Have you ever passed up a shot on an animal because it didn’t present a nice, traditional broadside pose? Or maybe you were at full draw when a buck turned and you opted not to shoot. Time was, taking a shot under such scenarios might well have ended with a wounded and lost animal. With today’s modern bow technology and the right set-up, however, it’s now possible to take shots that were unheard of just 15 years ago. You just need to consider the following factors.
Now, before you get the idea that any shot is possible with a modern bow, let me be clear—my advice should only be considered if you have the proper set-up. In short, you need a fast bow, a heavy arrow and a heavy draw weight. For example, if you shoot a bow with an IBO rating of 340-plus fps, with a heavy arrow (500 grains-plus) at 70 pounds of draw length, it’s possible to get more than 100 foot-pounds of energy. That means you have the potential for 20 to 40 per cent more impact force than with bows in the past that maxxed out at 300 fps.
That said, even though many bows have vastly improved over the last 15 years, it’s still best to avoid uncommon angles if you’re unable to shoot heavy pounds or if you have a short draw length—the energy still won’t be quite enough.
As with any hunting, it’s very important to carefully consider the determining factors in each scenario. Depending on the game species you’re hunting, for example, you need to take bone structure into account—head-on, quartering toward and Texas heart shots all present significant potential for error.Visualize the animal’s skeleton before shooting to determine if any major bones could impair a kill shot. If bone is likely in the way, you should wait for a better angle or not take the shot.
With my set-up, I’m comfortable shooting at a distance of up to 50 yards. If I happen to hit a shoulder blade, I know I’ll break it and the arrow will keep going into the vitals. Does this mean I should intentionally aim for the shoulder blade? Absolutely not. But if it means the difference between getting an animal and going home empty-handed, I’m confident enough in both my equipment and my shooting ability to make the shot.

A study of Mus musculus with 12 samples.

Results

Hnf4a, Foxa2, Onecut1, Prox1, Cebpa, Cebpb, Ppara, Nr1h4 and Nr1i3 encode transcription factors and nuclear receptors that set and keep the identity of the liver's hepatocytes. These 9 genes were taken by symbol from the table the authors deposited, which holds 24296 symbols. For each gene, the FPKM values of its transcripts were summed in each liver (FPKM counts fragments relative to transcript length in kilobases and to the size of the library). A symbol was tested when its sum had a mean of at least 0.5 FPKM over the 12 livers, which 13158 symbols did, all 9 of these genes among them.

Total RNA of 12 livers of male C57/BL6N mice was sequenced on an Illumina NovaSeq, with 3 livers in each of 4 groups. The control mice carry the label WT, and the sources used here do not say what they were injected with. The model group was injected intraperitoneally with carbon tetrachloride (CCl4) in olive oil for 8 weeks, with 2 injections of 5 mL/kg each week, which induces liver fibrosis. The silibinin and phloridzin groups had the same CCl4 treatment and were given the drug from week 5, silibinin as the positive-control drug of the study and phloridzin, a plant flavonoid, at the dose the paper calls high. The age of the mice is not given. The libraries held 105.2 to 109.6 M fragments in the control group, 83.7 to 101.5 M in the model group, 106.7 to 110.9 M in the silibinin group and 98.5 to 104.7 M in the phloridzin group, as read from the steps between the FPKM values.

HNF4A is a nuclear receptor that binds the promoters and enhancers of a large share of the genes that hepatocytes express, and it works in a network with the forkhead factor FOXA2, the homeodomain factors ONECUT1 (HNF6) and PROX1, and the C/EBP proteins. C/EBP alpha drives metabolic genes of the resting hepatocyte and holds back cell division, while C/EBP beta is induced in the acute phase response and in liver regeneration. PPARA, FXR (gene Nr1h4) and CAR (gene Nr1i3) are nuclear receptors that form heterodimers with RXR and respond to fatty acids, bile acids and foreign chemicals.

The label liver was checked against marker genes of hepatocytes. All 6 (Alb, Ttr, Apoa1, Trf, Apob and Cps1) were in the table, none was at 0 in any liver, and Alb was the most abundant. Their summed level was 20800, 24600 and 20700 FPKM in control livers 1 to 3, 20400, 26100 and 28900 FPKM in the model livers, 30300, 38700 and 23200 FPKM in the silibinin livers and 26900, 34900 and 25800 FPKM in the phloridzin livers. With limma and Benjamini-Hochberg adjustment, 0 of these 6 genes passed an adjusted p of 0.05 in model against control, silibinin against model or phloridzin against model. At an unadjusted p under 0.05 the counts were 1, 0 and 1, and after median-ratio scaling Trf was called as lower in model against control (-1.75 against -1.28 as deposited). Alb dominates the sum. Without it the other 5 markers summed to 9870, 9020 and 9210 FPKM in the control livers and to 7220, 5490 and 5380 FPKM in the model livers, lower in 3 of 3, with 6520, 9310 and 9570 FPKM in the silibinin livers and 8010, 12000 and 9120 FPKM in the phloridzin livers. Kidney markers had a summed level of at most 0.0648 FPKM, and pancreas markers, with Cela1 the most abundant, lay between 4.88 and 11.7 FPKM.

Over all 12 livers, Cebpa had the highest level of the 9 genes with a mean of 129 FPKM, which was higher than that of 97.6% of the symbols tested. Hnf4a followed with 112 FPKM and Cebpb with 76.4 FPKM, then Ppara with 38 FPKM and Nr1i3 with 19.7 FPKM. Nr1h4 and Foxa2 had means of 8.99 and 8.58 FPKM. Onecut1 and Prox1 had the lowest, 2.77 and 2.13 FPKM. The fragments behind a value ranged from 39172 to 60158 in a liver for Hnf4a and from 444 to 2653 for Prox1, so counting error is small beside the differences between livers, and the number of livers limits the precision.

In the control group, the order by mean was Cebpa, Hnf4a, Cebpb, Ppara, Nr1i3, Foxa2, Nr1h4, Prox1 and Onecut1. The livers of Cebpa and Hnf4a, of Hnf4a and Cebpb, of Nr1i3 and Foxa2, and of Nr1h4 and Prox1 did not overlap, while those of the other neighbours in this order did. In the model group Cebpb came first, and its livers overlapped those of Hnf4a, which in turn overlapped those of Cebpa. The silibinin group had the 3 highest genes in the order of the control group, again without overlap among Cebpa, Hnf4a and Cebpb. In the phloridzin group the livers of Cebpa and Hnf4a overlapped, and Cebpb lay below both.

With any shot, whether it’s a traditional broadside one or a shot from an odd angle, you have to be conscious of distance. With longer shots of 40 yards or more, for example, an animal can move while the arrow is in flight. There’s also more room for human error and you lose greater amounts of energy at that distance.
I don’t think twice about taking a head-on shot on smaller animals, such as bears and deer, at 20 and 30 yards—I’ve successfully taken several Pope and Young mule deer and black bears that way. In just about every situation, the arrow either passed completely through the animal or very close to it, and it always hit the vitals and penetrated the diaphragm.
On larger animals such as moose or elk, I would never shoot at a non-traditional angle from farther than 30 yards out. That’s because the bones on those animals are a lot larger and would likely deflect or stop my arrow.
Since head-on or facing-away shots are a relatively new concept for bowhunters, many will not take such a shot. It all comes down to how comfortable you are with the situation, and how confident you are with your set-up and capabilities. A hunter’s main goal should be to take down the animal in the quickest, most humane way possible. If there’s a chance your shot will not allow for a quick kill, it should not be taken—no matter what the angle.
But when you’re out this fall and a big buck gives you a head-on shot at 20 yards, take the time to consider if you and your gear can make a clean kill. You just might get to tag out sooner.
Prince George, B.C., writer Nick Trehearne is not afraid to take calculated risks when bowhunting.